Mel's Healing Pilgrimage 2016


Blissfully Unaware of Threat

"Blissfully unaware of threat" in Leonard Bernstein's Chichester Psalms

All Saints Pasadena Episcopal Church has an impressive musical program. I've sung with them for 17 years and in that time we've sung at the prestigious Disney Concert Hall in downtown Los Angeles several times with the Los Angeles Philharmonic. And this June, we're tackling for the first time in two decades Leonard Bernstein's Chichester Psalms (1965).

It's an amazing piece, sung in Hebrew, and full of deliciously difficult chord progressions. I can say wholeheartedly that I'm glad I sing bass for this work, as the tenors have a wildly challenging job in this score. If you've not heard it before, I invite you to our concert on Sunday, June 5, 2017, at 5pm. For those who cannot attend, we will be live streaming it at

One composer note had the choir giggling during our first rehearsal of the piece. It was above the women's parts. Berstein wrote "Blissfully unaware of threat".  Undoubtedly, that might be the oddest and most amusing composer directive many of us have seen.

And yet it had me thinking into the night.

You see, Chichester Psalms is based on several passages from the Book of Psalms. The English text is as follows

Psalm 108:2
Awake, harp and lyre!
    I will awaken the dawn.

Psalm 23
The Lord is my shepherd, I lack nothing.
    He makes me lie down in green pastures,
he leads me beside quiet waters,
    he refreshes my soul.
He guides me along the right paths
    for his name’s sake.
Even though I walk
    through the darkest valley,
I will fear no evil,
    for you are with me;
your rod and your staff,
    they comfort me.
You prepare a table before me
    in the presence of my enemies.
You anoint my head with oil;
    my cup overflows.
Surely your goodness and love will follow me
    all the days of my life,
and I will dwell in the house of the Lord

Psalm 2:1-4
Why do the nations rage
    and the peoples plot in vain?
The kings of the earth rise up
    and the rulers band together
    against the Lord and against his anointed, saying,
“Let us break their chains
    and throw off their shackles.”
The One enthroned in heaven laughs;
    the Lord scoffs at them.

Psalm 131
My heart is not proud, Lord,
    my eyes are not haughty;
I do not concern myself with great matters
    or things too wonderful for me.
But I have calmed and quieted myself,
    I am like a weaned child with its mother;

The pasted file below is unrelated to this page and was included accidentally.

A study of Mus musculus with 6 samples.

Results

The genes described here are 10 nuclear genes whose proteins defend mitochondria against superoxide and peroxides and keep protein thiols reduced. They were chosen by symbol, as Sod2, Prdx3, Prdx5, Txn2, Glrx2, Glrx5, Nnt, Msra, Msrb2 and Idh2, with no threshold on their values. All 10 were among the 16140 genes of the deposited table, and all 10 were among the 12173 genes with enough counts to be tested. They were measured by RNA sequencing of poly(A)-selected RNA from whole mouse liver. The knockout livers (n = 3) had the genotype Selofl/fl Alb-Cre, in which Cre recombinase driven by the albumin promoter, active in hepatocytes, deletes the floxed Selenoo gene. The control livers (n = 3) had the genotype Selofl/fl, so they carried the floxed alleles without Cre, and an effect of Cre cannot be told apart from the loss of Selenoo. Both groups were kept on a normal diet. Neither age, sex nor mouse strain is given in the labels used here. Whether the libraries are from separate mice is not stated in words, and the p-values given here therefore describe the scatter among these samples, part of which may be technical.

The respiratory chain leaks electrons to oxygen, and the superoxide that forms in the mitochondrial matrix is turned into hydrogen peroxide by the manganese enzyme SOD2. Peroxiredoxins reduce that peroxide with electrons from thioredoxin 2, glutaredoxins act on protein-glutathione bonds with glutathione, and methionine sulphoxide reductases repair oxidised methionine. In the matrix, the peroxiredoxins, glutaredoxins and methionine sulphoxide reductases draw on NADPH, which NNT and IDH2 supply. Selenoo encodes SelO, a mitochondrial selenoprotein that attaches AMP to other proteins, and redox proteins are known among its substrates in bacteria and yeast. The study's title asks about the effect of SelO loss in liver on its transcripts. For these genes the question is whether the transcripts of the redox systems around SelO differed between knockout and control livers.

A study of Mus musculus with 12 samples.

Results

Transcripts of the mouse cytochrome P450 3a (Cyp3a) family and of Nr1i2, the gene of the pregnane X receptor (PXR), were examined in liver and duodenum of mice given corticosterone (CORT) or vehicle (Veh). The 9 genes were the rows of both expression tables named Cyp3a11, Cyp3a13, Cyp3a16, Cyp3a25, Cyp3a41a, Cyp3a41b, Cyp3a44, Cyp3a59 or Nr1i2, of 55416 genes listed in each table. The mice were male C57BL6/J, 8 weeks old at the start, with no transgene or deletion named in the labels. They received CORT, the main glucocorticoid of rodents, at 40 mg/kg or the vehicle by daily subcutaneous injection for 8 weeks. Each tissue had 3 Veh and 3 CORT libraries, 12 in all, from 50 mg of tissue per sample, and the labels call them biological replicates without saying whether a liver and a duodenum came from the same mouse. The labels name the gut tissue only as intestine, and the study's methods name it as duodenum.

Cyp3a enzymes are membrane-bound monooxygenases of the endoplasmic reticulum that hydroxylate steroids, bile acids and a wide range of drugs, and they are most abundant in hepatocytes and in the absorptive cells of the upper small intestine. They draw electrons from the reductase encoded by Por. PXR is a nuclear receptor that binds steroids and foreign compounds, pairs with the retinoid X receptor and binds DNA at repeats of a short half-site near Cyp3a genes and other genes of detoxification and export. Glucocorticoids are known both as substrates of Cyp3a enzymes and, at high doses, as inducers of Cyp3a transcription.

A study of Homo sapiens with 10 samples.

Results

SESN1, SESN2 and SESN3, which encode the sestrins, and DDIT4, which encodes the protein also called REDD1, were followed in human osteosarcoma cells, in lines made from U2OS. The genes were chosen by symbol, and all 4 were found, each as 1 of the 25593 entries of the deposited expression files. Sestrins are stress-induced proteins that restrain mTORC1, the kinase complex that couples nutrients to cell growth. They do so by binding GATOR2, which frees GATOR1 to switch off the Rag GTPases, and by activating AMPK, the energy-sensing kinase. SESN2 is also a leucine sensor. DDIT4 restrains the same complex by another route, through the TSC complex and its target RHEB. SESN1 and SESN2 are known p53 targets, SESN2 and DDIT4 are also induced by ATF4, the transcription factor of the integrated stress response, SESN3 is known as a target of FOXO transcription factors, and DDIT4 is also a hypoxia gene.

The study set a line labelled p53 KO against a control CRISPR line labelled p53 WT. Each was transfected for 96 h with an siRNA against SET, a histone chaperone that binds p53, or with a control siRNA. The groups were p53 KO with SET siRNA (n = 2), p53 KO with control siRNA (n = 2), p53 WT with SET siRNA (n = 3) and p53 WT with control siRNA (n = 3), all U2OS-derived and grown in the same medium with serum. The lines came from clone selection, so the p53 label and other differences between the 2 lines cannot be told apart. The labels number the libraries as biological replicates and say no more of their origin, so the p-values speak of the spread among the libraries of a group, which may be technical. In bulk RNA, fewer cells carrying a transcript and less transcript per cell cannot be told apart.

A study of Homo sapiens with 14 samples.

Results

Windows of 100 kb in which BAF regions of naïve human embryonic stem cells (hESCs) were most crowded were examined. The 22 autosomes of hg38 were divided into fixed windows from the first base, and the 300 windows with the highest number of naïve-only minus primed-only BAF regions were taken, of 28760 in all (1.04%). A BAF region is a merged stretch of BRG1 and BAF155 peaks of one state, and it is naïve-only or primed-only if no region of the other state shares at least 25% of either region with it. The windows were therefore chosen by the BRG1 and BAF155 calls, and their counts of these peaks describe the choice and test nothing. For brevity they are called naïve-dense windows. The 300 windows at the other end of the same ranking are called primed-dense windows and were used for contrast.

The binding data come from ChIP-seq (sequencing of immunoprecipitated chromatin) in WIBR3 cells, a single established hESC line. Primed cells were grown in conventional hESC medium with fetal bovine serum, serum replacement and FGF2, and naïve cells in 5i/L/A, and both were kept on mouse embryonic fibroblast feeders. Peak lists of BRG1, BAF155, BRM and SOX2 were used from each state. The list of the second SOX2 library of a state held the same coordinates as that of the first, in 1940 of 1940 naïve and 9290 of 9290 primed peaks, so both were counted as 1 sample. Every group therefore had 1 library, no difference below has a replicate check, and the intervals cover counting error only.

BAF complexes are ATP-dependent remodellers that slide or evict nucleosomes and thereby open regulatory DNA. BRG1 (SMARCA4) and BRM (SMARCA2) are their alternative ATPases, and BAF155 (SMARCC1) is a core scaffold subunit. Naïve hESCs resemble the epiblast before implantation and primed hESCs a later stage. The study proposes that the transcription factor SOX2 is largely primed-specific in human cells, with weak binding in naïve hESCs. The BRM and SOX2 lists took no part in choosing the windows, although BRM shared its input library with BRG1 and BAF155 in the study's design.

like a weaned child I am content.
Israel, put your hope in the Lord
    both now and forevermore.

Psalm 133:1
How good and pleasant it is
    when God’s people live together in unity!

The "blissfully unaware" notation comes as the women are singing the well-known Psalm 23, where we shall not fear, and we shall not want, where we will fear no evil, and where we lie down in green pastures.

As they sing this, the men come in with Psalm 2. And, boy do we ever. It's a hard-hitting, menacing sound that feels like a war cry. It's violence depicted chorally. This pounding cry is a stark contrast to the bucolic, pastoral sound of the women's voices.

It bangs on the heart.

As I thought about the text, it made me think about life, and how we who regularly attend church cherish Psalm 23. We yearn for that protection and peace, for heaven on earth.

And yet, the nations rage.  The people plot, in vain. We are stymied in our effort to find that tranquility.

Are we naive? When we're blissfully unaware of the threat, are we walking with blinders on? It sounds like we're doing it unintentionally, innocently ignoring the dangers that lurk around us.

Or perhaps, just as disconcerting, we are doing it intentionally. We choose to ignore the threat, to maintain a facade of bliss.

And is it bad? Is it bad to be blissfully unaware of threat? If we are at peace with ourselves and our Maker, then shouldn't we be blissful, whether aware of threat or not? Shouldn't we be willing to march to our call with the happiness that we do so with an eternal protection and grace that cannot be threatened away? It doesn't specifically mean to me that we do not see the threat. But it might mean that we do not react to the threat, that we do not feel threatened. 

To feel safety in the face of threat. Call it unaware or call it trusting. But Psalm 23 offers refuge and bliss, even as we are surrounded by a valley of death. 

May we in the abyss trust Him with bliss.